Kevin Conley, Senior Economist, Graphic Papers, RISI
July 6, 2011
With the exception of some minor erosion in the West, US newsprint prices have remained unchanged since last fall, despite healthy capacity utilization and rising production costs. Expectations that US prices might begin moving again were briefly raised when four of the top five North American newsprint producers (by capacity) announced plans to lift prices in July. Kruger initiated the call for higher prices in response to the persistent rise in production costs and a strong Canadian dollar, with plans to increase prices by $35/tonne in July. White Birch, Norpac and Catalyst quickly followed with similar plans. However, expectations of a successful price hike in July diminished once AbitibiBowater stated they would not increase prices next month, which in turn triggered the withdrawal of any price hike attempts by White Birch and Catalyst for July.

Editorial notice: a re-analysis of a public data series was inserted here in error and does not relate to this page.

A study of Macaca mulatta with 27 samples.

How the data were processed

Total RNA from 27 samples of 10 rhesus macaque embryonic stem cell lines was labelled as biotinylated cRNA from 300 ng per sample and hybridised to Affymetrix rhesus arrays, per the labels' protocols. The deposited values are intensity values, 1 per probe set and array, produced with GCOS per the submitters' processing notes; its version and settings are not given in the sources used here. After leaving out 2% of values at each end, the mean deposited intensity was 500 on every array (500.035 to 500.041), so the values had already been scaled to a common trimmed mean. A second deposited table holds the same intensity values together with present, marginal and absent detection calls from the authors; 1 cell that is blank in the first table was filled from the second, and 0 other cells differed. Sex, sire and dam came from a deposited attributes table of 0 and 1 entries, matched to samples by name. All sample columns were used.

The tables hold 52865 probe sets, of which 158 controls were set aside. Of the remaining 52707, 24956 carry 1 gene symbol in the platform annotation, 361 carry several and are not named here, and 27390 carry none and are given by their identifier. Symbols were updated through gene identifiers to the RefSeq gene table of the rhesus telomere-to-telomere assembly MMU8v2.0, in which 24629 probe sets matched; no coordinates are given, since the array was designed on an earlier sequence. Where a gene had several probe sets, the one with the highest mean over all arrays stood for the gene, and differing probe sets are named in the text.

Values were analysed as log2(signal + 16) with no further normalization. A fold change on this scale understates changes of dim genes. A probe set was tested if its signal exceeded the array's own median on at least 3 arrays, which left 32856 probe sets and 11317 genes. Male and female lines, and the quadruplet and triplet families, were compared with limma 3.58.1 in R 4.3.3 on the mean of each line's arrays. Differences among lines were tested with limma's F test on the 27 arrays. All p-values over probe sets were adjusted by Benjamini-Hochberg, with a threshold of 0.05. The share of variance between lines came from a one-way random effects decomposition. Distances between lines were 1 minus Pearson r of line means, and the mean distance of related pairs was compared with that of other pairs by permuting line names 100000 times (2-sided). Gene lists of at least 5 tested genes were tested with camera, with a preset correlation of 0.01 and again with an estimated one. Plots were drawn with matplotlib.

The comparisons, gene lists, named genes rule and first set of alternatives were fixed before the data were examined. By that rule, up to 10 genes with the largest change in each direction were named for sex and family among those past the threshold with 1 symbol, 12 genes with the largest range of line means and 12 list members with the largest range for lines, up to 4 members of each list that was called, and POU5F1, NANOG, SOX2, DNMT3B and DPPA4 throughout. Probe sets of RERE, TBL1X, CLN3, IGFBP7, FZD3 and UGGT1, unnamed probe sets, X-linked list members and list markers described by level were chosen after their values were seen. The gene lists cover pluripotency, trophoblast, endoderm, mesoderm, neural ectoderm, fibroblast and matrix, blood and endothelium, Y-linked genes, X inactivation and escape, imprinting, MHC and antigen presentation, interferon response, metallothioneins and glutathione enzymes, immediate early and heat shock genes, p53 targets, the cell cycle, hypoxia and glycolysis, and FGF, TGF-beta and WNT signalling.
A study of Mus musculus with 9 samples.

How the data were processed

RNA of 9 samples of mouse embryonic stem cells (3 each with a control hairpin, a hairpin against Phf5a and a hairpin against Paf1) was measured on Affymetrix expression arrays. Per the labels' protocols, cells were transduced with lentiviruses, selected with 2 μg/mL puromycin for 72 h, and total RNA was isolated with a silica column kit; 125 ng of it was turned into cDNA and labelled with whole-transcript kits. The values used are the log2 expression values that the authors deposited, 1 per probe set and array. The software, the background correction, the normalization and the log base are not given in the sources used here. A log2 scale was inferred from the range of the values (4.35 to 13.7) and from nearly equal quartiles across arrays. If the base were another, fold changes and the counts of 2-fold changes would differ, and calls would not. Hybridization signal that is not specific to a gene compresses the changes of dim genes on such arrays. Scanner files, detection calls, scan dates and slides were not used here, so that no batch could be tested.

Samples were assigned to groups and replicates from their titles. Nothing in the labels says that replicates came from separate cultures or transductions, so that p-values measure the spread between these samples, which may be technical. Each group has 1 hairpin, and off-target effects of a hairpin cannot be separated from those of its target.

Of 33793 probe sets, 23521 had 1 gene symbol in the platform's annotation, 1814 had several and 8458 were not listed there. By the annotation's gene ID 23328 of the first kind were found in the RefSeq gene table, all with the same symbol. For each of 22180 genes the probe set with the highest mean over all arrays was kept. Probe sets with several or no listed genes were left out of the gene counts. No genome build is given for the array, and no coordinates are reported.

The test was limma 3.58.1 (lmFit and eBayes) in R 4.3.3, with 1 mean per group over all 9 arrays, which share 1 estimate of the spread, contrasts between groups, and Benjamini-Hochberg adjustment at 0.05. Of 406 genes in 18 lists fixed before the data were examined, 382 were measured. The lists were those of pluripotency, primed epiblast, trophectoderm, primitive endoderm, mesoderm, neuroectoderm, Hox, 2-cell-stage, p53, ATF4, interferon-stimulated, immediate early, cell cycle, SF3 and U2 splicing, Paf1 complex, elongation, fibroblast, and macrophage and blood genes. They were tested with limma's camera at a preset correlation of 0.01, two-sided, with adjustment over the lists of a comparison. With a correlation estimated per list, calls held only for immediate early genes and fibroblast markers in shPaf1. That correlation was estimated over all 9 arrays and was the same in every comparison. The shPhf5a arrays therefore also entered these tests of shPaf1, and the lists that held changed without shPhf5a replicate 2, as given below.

While US prices remained static, Asia and Western Europe have seen an upturn in newsprint prices in the first half of 2011 and further price increases are on tap for the second half of the year. In Asia, the RISI Hong Kong price index for 45 gram newsprint advanced $25/tonne to $685/tonne in the second quarter and negotiations are underway, with producers pushing for a $50/tonne increase in the third quarter of 2011.
The average Western European newsprint price in euro terms jumped 18% (Euro 80/tonne) in the first half of 2011 and producers have announced plans to implement another increase of up to Euro 50/tonne in the second half of the year for markets that have moved away from annual price contracts. In the past, European producers have been bound by annual price contracts. However, this year, most markets have shifted to six-month or even three-month contracts. A widening price differential has developed as US prices lag behind the upturn in other regions, making US prices the lowest in the world market.